Veterinary Bills Explained

TOC Articles: The Business of Racehorse Ownership

Veterinary Bills

By Trainer Howard Zucker

One of the least understood factors in the cost of owning a racehorse is your vet bill. Vet expenses are an unwelcome but necessary part of maintaining your racehorse in peak condition.

Hopefully, your horse was raised with few veterinary costs other than routine wormings and vaccinations. Perhaps you had to pay for antibiotics to treat an illness or field injury. If there were no problems during early training at the farm or training center, you paid for routine x-rays to check on knee closure and bone maturity, and if all went well, your steed went off to the track.

Then what happened? All of a sudden you see a seemingly endless list of charges, mostly for unfamiliar medications adding up to a vet bill which averages $100, $200, or upwards of $600 per month. What’s going on? Is your horse hurt, dying, or has he become drug dependent from job-related stress? Ask your trainer!

Good communication between owner and trainer, resulting in a thorough explanation of the vet’s bill, can keep a healthy business relationship alive and well. A smart trainer informs owners of veterinary work being done on a regular basis, either week-by-week or whenever progress reports are regularly given. Such updates avoid the shock at month’s end when the bill arrives. It is also a good idea for trainers to personally check and approve all items on a vet’s bill before it is sent to the owner. Such practice eliminates one potential trouble of charges mistakenly applied to your bill. It is also useful for the trainer to add a brief note of explanation for exceptionally large charges as to the procedure employed, why it was necessary, and what medication was used.

Some trainers, myself included, use preventative therapies such as electromagnetic therapy, massage, chiropractic adjustments, ultrasound, and ice. Such therapeutic remedies may also work to reduce your monthly vet statement, and keep your horse at its athletic peak.

Is It Better to Administer Medication Orally or Via Injection?

There are basically two ways of administering medication to horses, either orally or by injection. On California racetracks, only a licensed veterinarian can legally give an injection, so any injection will require a veterinary fee. “Injectables” may be given subcutaneously, intramuscularly, or intra-articularly (directly into a joint).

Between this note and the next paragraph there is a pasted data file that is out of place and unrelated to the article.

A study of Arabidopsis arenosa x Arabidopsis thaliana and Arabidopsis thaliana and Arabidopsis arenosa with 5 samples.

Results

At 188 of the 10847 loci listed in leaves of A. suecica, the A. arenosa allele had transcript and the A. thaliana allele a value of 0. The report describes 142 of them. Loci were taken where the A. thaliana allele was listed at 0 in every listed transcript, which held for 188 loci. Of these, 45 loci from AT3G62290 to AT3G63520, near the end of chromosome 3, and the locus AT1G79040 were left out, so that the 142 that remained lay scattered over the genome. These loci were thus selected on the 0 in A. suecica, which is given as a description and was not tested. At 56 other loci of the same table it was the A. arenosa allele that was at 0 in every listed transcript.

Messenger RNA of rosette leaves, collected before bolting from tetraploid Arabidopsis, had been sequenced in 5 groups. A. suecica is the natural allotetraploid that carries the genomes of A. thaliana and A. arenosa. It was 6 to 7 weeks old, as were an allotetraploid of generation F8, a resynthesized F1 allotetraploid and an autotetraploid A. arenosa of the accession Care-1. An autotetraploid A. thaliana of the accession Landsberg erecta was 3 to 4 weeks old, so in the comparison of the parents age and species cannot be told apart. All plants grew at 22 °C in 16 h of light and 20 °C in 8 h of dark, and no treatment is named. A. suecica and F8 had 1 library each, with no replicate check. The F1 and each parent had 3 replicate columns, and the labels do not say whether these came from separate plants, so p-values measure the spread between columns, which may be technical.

There are a number of ways to administer drugs and medications orally. It may be done by drench (dissolving the medication and squirting it into the horse’s mouth with a syringe), or by paste (many common wormers and anti-inflammatories are sold in this form). Some can simply be added to the feed, either as powder or pulverized pills. Oral administration can be done by your trainer, and is thus usually cheaper than injections.

For example, 25 oral doses of Bute cost about the same as one injection. Why then would you want to use an injectable, if the same medication is available orally?

An injection is preferable – sometimes necessary – when a horse needs immediate relief from severe pain. Medication is given in an injectable form before a race to ensure that the horse receives the full dose, and does not leave a part of the dose uneaten in its feed tub. Additionally, some trainers prefer injections because they eliminate the risk of the wrong horse receiving a medication mistakenly placed in its feed tub.

Of course, as in every other aspect of racehorse training, opinions vary. Different trainers and different veterinarians use different approaches to using an injectable vs. and oral dose. Many owners trust their trainers to make these decisions. If an owner is interested in or concerned about how his or her horse is being “vetted,” have a conversation with your trainer and/or veterinarian.

With regards to your overall vet costs, don’t be afraid to discuss them with your trainer and/or veterinarian. Good communication makes good business, and will enhance your ownership experience.

Howard Zucker has been a licensed trainer for 19 years, during which time he has developed 1993 California Bred Juvenile Champion, Moscow Changes. He has a B.A. from City College of New York, majoring in Finance with a minor in Biology.